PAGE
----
A FLASHING advert on my old newspaper’s website took me back the other day, but not in a good way. The advert boxed in the story I was trying to read, and there was a pulsating button to either side, each demanding to be pushed.
This advert, for an estate agent, was a bad advert for many reasons.
It was a bad advert because it dominated the screen so totally that it was impossible to read the story.
It was a bad advert because it was still there later when I tried to read another story.
It was a bad advert because in the end I went away without reading a word.
It was a bad advert for adverts: we know that newspaper groups are struggling for money, but to allow such an intrusive advert is a step too far.
And it was a bad advert for an entirely different reason, and this was what took me back. Flashing lights worry me sometimes, even though it’s been a long time. You see, for a few years in my twenties, I had fits. They always happened when I was asleep, mostly at night, although occasionally in the day.
At first, I had no idea what was happening. I’d wake up with a bitten tongue, blood on the pillow perhaps, and a thick head. Sometimes the thick head was for the usual reason. That was the case on the day when my girlfriend, my wife now for all these years, called an ambulance.
The night before I’d been out in a wine bar in Greenwich, drinking red wine, too much red wine. I got up, then didn’t. Sleeping off the hangover seemed to be a better idea. While I was asleep, I had a fit. An alarming sight and that’s why the ambulance was called.
I went for tests, had my brain scanned. Electrodes were attached to my head to evaluate the electrical activity, only there wasn’t any, or not of the sort they were looking for.
No trace of epilepsy at all, although the scan showed a slight thickening of the bone where I fractured my skull falling out of an upstairs window at the age of three (another tale, often told). The doctors thought this might be putting pressure on the brain.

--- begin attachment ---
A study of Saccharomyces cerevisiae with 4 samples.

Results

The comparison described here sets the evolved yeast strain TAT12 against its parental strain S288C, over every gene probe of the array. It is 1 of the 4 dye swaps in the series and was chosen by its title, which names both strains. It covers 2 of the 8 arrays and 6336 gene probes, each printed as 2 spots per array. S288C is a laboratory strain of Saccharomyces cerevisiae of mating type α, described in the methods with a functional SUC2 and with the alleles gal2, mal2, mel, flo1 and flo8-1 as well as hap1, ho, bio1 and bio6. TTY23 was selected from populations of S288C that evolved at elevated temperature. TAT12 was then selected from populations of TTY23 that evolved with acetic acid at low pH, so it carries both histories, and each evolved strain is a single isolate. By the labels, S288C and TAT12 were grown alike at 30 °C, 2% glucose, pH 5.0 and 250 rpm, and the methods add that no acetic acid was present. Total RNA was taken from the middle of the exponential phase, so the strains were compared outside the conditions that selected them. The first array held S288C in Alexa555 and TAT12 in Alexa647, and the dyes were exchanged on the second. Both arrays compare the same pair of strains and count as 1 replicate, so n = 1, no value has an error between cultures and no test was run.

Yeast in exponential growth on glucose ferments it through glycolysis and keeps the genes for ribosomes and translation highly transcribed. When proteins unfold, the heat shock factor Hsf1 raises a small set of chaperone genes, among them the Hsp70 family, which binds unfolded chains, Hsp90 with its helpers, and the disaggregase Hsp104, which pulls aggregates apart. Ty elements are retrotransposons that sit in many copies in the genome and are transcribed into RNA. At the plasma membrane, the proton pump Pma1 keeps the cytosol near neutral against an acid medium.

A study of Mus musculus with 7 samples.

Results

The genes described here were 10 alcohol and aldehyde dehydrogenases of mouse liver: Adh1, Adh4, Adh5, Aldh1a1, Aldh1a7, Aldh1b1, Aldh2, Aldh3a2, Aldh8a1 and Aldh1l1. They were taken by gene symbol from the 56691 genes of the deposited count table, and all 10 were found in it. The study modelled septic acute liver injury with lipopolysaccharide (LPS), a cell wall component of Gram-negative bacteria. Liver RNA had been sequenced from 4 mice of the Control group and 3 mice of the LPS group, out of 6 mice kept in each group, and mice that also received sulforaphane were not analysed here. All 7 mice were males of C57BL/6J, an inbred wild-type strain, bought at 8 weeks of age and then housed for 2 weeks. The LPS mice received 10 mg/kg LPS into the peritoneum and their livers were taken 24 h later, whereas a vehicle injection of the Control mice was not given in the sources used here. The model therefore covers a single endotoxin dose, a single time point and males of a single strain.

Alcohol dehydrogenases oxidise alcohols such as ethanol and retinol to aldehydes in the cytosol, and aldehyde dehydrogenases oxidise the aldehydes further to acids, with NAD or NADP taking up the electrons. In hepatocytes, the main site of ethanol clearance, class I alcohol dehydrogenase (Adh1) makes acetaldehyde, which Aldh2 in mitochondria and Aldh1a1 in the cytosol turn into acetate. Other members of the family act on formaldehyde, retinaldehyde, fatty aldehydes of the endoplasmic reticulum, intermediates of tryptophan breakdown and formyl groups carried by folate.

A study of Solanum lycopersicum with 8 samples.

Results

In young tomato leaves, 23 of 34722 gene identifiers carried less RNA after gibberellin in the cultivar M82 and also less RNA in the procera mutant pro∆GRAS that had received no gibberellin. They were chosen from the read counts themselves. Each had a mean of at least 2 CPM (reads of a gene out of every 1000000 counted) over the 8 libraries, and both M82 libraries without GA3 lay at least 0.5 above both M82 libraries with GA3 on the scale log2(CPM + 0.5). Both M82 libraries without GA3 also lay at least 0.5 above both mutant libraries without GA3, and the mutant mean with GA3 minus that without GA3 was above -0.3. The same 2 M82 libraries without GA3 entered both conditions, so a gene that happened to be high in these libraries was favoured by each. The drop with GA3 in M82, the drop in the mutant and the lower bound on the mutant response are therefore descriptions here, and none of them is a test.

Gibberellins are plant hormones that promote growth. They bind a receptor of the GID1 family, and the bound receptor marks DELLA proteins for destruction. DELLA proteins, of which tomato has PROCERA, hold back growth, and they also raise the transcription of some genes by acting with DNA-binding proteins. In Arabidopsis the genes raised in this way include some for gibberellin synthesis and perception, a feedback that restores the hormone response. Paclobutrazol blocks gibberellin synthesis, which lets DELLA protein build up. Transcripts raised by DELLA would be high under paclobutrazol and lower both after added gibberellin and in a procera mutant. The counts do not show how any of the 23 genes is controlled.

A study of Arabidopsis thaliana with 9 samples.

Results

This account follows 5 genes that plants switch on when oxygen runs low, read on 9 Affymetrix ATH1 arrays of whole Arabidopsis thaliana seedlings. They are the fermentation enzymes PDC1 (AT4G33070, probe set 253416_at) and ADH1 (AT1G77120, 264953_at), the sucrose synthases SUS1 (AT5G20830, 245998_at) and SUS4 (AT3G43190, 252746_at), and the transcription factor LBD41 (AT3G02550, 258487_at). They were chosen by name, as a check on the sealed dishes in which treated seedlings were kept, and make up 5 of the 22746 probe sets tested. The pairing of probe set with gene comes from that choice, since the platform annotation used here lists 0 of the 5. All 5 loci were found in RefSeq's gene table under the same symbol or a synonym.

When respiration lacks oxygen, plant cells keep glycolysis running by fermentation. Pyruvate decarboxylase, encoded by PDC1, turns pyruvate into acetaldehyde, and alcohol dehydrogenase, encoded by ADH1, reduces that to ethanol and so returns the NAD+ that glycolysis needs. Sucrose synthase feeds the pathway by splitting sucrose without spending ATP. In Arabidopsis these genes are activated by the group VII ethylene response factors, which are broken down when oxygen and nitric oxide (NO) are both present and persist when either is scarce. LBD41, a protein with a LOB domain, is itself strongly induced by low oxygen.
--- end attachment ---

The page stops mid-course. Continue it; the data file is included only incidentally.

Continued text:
Nothing was proved, the fits continued, I was put on a short-term driving licence that was renewable on medical advice. Around 30 years ago, the fits stopped as mysteriously as they started.
Inconvenient times when I had a fit: during the night on a boat called Reef Encounter before going scuba diving in Queensland; the night before a shorthand exam; various times before work.
This ancient history was revived by that stupid advert. Flashing lights can trigger epilepsy. That’s why you get all those “this report contains flash photography” warnings on the BBC news.
That was a bad advert for all those reasons. But it was a reminder to unlikely beauty, too.
The song Epilepsy Is Dancing by Antony and the Johnsons is a haunting three minutes, and probably the best song there is about epilepsy, possibly the only one.
In the video for the song, a woman falls into a fit on a grey industrial back street. While she is out, she is transported into a trippy vision of Midsummer Night’s Dream. For some reason she is topless and painted in glitter. For some other reason cartoon flowers float out of Antony’s mouth as he sings.
At the end, the woman is back on the street; she looks none the worse for wear, something which will not be the experience of most who have had a fit, as even the survivor of relatively infrequent ones long ago can tell you.